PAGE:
I don’t think I need to convince you that elections matter. The plundering of environmental policy we’re now buffeted by on a national level every day boils down to one thing: Voting. As a number of special elections since 2016 have shown us all, there is lot of reactive energy out there. More people are running for office, working hard in elections, collecting signatures for ballot measures, and more. And there have been some unexpected wins.

The Idaho Conservation League, as a nonprofit organization, cannot engage in candidate elections. That means I cannot tell you who to vote for. I can tell you your vote matters.

Your vote matters in two ways: Casting a vote helps elect people who might share your vision of the future. That’s the nice flowery way to say it. Another way of saying the same thing is your vote can help keep people who don’t share your vision from gaining the power they seek. I have enthusiastically voted for both those reasons.

The other reason your vote matters is that I don’t believe you get to complain about government without having a stake in it. You get a stake in our government by voting. I spend a lot of time talking to people about policies and the direction of our country, our state, and our communities. It’s appalling how many times I’ve learned the person I’m talking to didn’t vote. "Oh, my vote doesn’t matter." Give me a break. That’s dumb on too many levels to even respond to.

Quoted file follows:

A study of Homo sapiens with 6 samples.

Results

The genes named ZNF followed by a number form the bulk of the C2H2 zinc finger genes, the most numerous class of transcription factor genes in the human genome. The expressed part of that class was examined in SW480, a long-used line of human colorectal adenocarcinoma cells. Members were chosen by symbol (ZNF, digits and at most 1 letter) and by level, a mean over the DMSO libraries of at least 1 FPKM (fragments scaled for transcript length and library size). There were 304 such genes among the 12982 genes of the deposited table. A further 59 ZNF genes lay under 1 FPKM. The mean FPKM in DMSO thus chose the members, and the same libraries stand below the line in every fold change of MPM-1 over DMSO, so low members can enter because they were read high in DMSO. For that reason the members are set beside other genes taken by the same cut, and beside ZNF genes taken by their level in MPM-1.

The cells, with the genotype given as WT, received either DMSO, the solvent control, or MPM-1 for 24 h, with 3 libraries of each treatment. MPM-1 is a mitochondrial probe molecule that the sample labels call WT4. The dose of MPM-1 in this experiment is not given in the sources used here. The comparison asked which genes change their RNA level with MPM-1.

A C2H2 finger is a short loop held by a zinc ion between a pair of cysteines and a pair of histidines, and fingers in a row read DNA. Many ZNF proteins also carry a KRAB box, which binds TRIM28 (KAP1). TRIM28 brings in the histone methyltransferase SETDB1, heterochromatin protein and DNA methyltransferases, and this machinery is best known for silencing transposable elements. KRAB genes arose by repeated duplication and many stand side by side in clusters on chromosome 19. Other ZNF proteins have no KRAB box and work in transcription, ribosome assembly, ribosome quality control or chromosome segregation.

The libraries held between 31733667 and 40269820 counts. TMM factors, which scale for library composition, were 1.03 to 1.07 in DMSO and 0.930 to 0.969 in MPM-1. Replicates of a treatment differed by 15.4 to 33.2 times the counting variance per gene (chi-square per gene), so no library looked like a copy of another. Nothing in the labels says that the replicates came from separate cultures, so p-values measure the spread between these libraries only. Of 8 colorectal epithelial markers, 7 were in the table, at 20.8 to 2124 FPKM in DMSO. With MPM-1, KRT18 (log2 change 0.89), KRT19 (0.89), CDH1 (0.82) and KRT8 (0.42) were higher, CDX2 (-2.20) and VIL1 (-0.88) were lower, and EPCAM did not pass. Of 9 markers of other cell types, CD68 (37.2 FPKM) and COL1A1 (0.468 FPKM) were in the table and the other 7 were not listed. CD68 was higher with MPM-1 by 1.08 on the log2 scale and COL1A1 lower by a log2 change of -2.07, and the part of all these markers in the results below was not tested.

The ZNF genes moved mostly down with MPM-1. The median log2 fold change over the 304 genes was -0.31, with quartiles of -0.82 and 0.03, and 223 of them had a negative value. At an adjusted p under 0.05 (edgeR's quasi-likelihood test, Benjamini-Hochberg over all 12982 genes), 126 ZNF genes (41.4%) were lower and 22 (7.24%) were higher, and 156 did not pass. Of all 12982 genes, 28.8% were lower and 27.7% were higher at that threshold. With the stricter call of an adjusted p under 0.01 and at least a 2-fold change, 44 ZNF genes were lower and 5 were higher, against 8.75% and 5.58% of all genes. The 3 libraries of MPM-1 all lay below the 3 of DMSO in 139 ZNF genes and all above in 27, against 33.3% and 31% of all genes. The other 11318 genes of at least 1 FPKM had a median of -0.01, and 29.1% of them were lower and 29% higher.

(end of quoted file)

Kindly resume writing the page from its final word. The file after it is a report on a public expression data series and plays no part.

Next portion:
Idaho’s primary election is May 15. Primaries typically have lower turnout than general elections in November. That means your vote counts even more.

Right now Idaho has an open governor’s race and an open congressional seat. That’s both rare and wildly important. I promise you, whoever wins those races will have a very big impact on things you care about and that ICL cares about.

In the Panhandle’s Bonner County we’re deep into an advisory vote on Scotchman Peaks wilderness. While ICL cannot engage candidate elections, we often go big on issue elections. Boise Foothills is a recent example. ICL’s Sandpoint office has been working for months to identify voters and get them to turn out in support of Scotchman Peaks.

Early voting has started. You can request an absentee ballot. Tuesday, May 15, you go to the polling place. Democracy is not a spectator sport. We’re living with the fact that elections matter every day. That means your vote matters.